Tags: Business, CSR, EU, Leadership, Sustainability and Leadership, Sustainable Development
An increasing number of people, myself included, are demanding more from what we eat. The discussion of horse meat will push the food industry to the front of the debate. And it is more than one question to be raised about values and ethics in the industrial process of food and its supply chain. The availability of eco-friendly, organic products has visibly improved in recent years, as people take a greater interest in what they consume and how it impacts the world around them. But, still a growing problem for our society.
- This facts coming from an article in the New York Times the last week - The Extraordinary Science of Addictive Junk Food scared me.
- One in three adults is considered clinically obese, along with one in five kids, and 24 million Americans are afflicted by type 2 diabetes, often caused by poor diet, with another 79 million people having pre-diabetes. Even gout, a painful form of arthritis once known as “the rich man’s disease” for its associations with gluttony, now afflicts eight million Americans.
This is not just a problem for consumers in America. The use of antibiotics and additives in the food production cycle is a major global issue. Regardless of where in the world you live, food producers will use shortcuts to boost profits.
This is not sustainable development.
It is time for both agriculture and the food industry to accelerate a move towards a more sustainable society. A society in which producers work together with consumers to incorporate economic, social and ecological values into their business strategies.
The importance of sustainable food production reaches far beyond the dinner table. It feeds into a complex system of global justice and consumption patterns. It also ties in with climate change, as fossil fuels are used in connection with transportation, heating and fertilizer production.
Public health is another hugely important factor in the food standards debate. Obesity, cardiovascular disease, diabetes and a number of cancers are all on the rise in Europe. The latest studies from the World Health Organization show that between 30 and 70 per cent of the continents’ adult population is considered overweight and between 10 and 30 per cent are classed as obese. Studies have also shown that children’s intake of nutrients is far too low and I wonder how the younger generations will look and feel in the future if nothing changes.
But amidst these worrying trends there are some examples of successful campaigns that have raised awareness about the quality of what we eat and inspired real changes in the food market.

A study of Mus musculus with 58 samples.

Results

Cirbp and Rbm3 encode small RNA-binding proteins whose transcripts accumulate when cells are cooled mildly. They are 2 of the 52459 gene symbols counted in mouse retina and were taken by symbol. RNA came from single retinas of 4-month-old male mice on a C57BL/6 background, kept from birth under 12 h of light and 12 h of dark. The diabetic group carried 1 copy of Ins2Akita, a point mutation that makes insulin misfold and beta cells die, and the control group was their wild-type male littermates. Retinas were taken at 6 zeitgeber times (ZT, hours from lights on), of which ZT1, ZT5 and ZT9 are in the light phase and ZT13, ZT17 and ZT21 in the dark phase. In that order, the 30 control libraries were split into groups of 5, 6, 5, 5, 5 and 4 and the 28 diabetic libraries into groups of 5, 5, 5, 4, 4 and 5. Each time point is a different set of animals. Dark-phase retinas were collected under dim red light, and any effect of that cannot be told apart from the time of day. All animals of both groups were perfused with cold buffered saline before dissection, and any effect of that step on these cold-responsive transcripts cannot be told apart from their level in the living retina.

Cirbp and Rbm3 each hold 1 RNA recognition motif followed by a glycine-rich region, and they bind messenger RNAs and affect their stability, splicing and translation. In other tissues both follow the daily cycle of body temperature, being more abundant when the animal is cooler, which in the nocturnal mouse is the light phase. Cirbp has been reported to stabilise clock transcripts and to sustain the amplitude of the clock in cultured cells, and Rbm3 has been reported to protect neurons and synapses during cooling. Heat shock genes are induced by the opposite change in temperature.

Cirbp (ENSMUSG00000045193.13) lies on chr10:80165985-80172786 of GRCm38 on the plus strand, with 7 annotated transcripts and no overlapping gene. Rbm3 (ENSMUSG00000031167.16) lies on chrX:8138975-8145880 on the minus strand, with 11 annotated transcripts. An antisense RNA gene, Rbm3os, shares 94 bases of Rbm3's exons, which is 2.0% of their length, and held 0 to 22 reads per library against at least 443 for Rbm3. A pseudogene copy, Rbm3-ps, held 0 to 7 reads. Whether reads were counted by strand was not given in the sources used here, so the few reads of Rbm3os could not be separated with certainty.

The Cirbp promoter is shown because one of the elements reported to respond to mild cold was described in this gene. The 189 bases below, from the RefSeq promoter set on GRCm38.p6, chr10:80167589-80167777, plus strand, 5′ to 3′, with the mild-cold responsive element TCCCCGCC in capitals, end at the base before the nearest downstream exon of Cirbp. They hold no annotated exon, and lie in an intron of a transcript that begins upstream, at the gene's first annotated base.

In Jamie Oliver’s TED talk, he describes his encounters with countless American children that could not even name a tomato or potato. It is a worrying thought. But Jamie’s ability to positively influence people’s behavior gives me hope that, with education, individuals will take greater responsibility for what they eat. Having seen his campaigns in both England and the USA, I understand the power of change that he carries.
I was also reminded of a less high-profile, though no less inspiring, example from a trip to Japan a few years ago. Here I visited some local consumer groups that had successfully changed the rules around purchasing vegetables from local farmers. The number of local cooperative HAN (a group involving 6-10 families) groups now total over 1000 and Japan’s consumer cooperatives have more than 14 million members collectively. One of these groups, Seikatsu Club, even won the Right Livelihood Award (also know as the ‘Alternative Nobel Prize’) in the 1990s. The Japanese model is fundamentally changing the relationship between consumers and producers in local markets.
Japan’s success is based on consumer demand and wider global trends also show an evolving marketplace. Organic products sales increased by 8.8 per cent in 2010 and they continue to expand, according to a recent study by the ethical bank, Triodos. The UK appears to have the strongest local growth of organic products, making up between 23 and 29 per cent of sales for dairy products, fruits and vegetables. As many as 8 out of 10 UK households bought organic products in 2011.
But demand for sustainably-produced food is only half the answer. The other half is supply, which currently struggles to meet our changing consumption patterns.
But, my question, will be addressed to the Co-op and its Consumer Movement that once in a time was a leading opinion maker and educator for households and schools – Time to wake up?